The Old Creek Engine


| November/December 1987



Old creek engine

Ronald E. Valliere

R.R. #1 New Providence, Iowa 50206

I have been an avid reader of Gas Engine Magazine for quite a few years. I especially enjoy articles written about the different ways and conditions some of these old engines are found. This is an experience that happened to me about six years ago. I thought maybe some of your readers would enjoy reading about it.

I farm near the town of New Providence, Iowa. I have a close friend by the name of Lewis Harrell, who is a carpenter by trade, who lived in town and is a part of this story. Louie (what everybody calls him) and I share a lot of common interests, fishing being one of them. This story started about the first part of June. There is a stream four miles north of town where we fish quite often. Due to a lot of high water that spring, we were unable to fish it until the water had receded. We started that evening at an old iron wagon bridge that had been there at least 75 years. The road ran north and south with the stream flowing west to east. We parked our pickup truck on the north side of the bridge with the idea of fishing downstream. We had to climb down about a 15-foot bank to enter the stream. The large amount of spring water had formed a big sand bar about 200 feet below the bridge.

After sliding down the bank, I noticed a large pile of trash that had formed high and dry on the middle of the sand bar. When I walked by it, I saw part of a wheel of a gas engine peeking out the bottom. I hollered at Louie, and the two of us started picking through the pile of rubble. Lo and behold there was the saddest looking 1? horse John Deere engine you ever saw. I told Louie I sure would like to take it home. Being the good friend that he is, he suggested we give it a try. Both of us are pretty husky fellows, so we just picked it up and started out. We had no trouble until we got to the bridge-getting it up the bank was a different matter! One thing an old gas engine nut has is a lot of determination! When we got it in the back of the pickup, I told Louie that that would be the biggest and best thing we would ever drag out of that stream. The fishing ended right then, and we took the engine home.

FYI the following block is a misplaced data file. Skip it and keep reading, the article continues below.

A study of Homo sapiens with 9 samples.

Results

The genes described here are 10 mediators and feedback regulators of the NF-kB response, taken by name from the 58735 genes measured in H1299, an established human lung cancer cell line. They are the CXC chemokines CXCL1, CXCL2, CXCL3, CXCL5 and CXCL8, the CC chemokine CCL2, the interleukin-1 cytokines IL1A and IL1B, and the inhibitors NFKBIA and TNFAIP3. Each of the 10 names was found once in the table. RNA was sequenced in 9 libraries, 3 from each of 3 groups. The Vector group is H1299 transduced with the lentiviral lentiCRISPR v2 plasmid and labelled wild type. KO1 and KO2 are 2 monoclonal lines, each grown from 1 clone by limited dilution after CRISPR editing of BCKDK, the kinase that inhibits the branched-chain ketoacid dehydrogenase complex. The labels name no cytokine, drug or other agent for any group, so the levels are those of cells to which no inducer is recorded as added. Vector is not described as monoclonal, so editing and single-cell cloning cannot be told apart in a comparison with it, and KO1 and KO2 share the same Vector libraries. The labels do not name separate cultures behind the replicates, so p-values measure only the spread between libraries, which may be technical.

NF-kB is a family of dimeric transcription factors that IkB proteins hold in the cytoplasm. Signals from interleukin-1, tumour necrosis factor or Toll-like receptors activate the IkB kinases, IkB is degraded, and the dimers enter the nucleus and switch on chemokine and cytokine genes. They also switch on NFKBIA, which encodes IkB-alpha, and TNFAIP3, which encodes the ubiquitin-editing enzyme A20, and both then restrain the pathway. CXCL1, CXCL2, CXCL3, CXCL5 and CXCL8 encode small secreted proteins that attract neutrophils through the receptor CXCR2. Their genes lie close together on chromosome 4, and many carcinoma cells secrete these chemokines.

My wife came out while we were unloading it on a small flatbed truck. She asked where in the world did we find that pile of junk and what were we going to do with it? When I told her I was going to fix it up and make it run, she just laughed and said, 'That will be the day!'

The first thing I did was wash it off. It smelled just like the bottom of a swamp. The old engine had been purchased with the original John Deere truck under it. The front axle was broken off at the swivel and was lying beside the engine. The back wheels were broken off at the legs and were gone. Both flywheels were broken off at the hubs, with one hanging on the engine. After hosing down the engine, I found that there wasn't a screw or nut that was stuck-I suppose being down in the mud pretty well sealed it from the air. There wasn't any water in the crankcase, but the head was completely full of sand. The piston had stopped clear forward but with a block of wood and a little tap with a hammer was freed. All of the springs were in fair shape, but the tension was very weak. The rocker arm was broken, both valves were stuck, and the gas tank was beyond repair.